Courtesy of Angela Pham

Earlier this year, McGarry, now 19, made his silver screen debut—the subject of an 81-minute documentary premiered at Sundance—and his first permanent New York City restaurant Gem opened for business.

Danica Lo
March 12, 2018

Flynn McGarry, child prodigy. Ask anyone in the food world about McGarry, who opened a supper club in the living room of his family home in California ten years ago at 10-years-old. Everyone has an opinion. Earlier this year, McGarry, now 19, made his silver screen debut—the subject of an 81-minute documentary premiered at Sundance—and his first permanent New York City restaurant Gem opened for business. The documentary, Chef Flynn, screened at SXSW last night. 

"When I first started filming Flynn, he was an awkward, self-conscious teenager, who was embarrassed by his mom," says director Cameron Yates. "I was impressed by his knowledge and skills, but I was also attracted to Meg [his mother] as a character because of what she had to give up to help her child pursue his passion. And an evolution started happening on film. It almost felt as if she was passing the torch and had gotten to a point where she realized she was part of the story as well."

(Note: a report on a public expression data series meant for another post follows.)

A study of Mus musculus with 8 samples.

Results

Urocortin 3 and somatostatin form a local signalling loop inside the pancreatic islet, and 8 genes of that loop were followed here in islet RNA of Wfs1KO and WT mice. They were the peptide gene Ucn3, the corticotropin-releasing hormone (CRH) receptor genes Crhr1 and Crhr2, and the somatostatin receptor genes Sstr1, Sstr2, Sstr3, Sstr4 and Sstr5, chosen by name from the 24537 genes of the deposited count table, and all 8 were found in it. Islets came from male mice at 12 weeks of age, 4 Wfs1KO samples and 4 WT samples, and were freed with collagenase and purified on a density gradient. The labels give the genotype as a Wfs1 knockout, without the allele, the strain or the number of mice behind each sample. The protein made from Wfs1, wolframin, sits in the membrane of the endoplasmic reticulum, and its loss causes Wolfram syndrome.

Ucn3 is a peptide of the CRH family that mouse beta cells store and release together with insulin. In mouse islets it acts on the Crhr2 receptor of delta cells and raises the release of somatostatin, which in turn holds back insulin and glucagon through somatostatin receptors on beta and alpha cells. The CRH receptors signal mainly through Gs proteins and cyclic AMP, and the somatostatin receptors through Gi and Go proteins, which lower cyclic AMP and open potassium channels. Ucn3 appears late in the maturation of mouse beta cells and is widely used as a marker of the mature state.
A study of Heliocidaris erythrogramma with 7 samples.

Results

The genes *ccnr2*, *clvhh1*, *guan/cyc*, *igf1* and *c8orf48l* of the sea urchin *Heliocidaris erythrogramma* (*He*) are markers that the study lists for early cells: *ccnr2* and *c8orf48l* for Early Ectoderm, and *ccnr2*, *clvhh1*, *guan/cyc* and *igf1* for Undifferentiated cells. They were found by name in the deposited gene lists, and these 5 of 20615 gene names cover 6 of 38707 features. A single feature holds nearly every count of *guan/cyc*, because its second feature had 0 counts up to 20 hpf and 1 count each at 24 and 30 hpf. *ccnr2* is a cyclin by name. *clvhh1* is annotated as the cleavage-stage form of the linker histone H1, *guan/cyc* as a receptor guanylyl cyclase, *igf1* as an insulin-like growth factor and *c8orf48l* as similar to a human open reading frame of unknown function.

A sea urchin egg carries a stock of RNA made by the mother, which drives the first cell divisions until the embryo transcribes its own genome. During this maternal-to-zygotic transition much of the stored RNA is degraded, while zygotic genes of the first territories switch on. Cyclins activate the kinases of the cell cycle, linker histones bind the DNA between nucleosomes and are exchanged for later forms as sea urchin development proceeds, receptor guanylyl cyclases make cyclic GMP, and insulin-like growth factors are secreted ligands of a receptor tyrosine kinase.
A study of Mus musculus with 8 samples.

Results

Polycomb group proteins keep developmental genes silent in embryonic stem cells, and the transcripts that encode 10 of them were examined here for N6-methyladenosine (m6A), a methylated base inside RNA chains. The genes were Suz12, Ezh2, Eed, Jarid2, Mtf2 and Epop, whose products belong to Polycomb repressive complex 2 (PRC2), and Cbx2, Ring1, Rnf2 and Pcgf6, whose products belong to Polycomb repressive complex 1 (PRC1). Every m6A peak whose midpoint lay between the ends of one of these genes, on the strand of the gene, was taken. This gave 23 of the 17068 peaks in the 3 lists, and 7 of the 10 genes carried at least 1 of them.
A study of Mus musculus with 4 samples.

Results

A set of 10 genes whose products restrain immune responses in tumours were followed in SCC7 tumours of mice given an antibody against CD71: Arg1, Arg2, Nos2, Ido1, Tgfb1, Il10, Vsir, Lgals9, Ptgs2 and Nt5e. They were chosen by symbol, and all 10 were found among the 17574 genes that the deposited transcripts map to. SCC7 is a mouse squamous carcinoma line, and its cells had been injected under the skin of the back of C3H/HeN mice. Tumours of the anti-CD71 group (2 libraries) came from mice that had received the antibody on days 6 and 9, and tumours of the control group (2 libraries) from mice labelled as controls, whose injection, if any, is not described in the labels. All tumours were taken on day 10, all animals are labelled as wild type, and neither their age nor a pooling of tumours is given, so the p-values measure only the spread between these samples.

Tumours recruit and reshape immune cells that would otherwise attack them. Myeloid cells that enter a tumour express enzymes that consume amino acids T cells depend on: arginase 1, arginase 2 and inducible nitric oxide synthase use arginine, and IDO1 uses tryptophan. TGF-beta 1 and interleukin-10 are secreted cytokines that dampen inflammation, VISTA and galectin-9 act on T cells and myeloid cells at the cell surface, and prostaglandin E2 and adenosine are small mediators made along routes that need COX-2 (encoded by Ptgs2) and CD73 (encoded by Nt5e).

It took more than a year of building a relationship and trust with the family before Yates was given access to archival footage.

"Meg would start showing me clips she’d shot one by one, and at some point, she just turned over her hard drives for safe keeping," Yates says. "It was the beginning of discovering that Flynn’s story was going to be a story of many lenses, many perspectives, and of the dynamic between a mother’s gaze and the media's gaze, performance, and the privacy of the family."

It's this notion of family and home that brings everything full circle in the film.

"In the end, for me, it all comes back to Flynn's bedroom kitchen," Yates says. "That’s what drew me to this story. To build a place as a ten-year-old, to live, to sleep, to experiment, and to create, all in the same space, was remarkable. And what that says about his mother. No mother is traditional, and I hope the story of Flynn becoming Chef Flynn shows how many different ways there are to raise a child."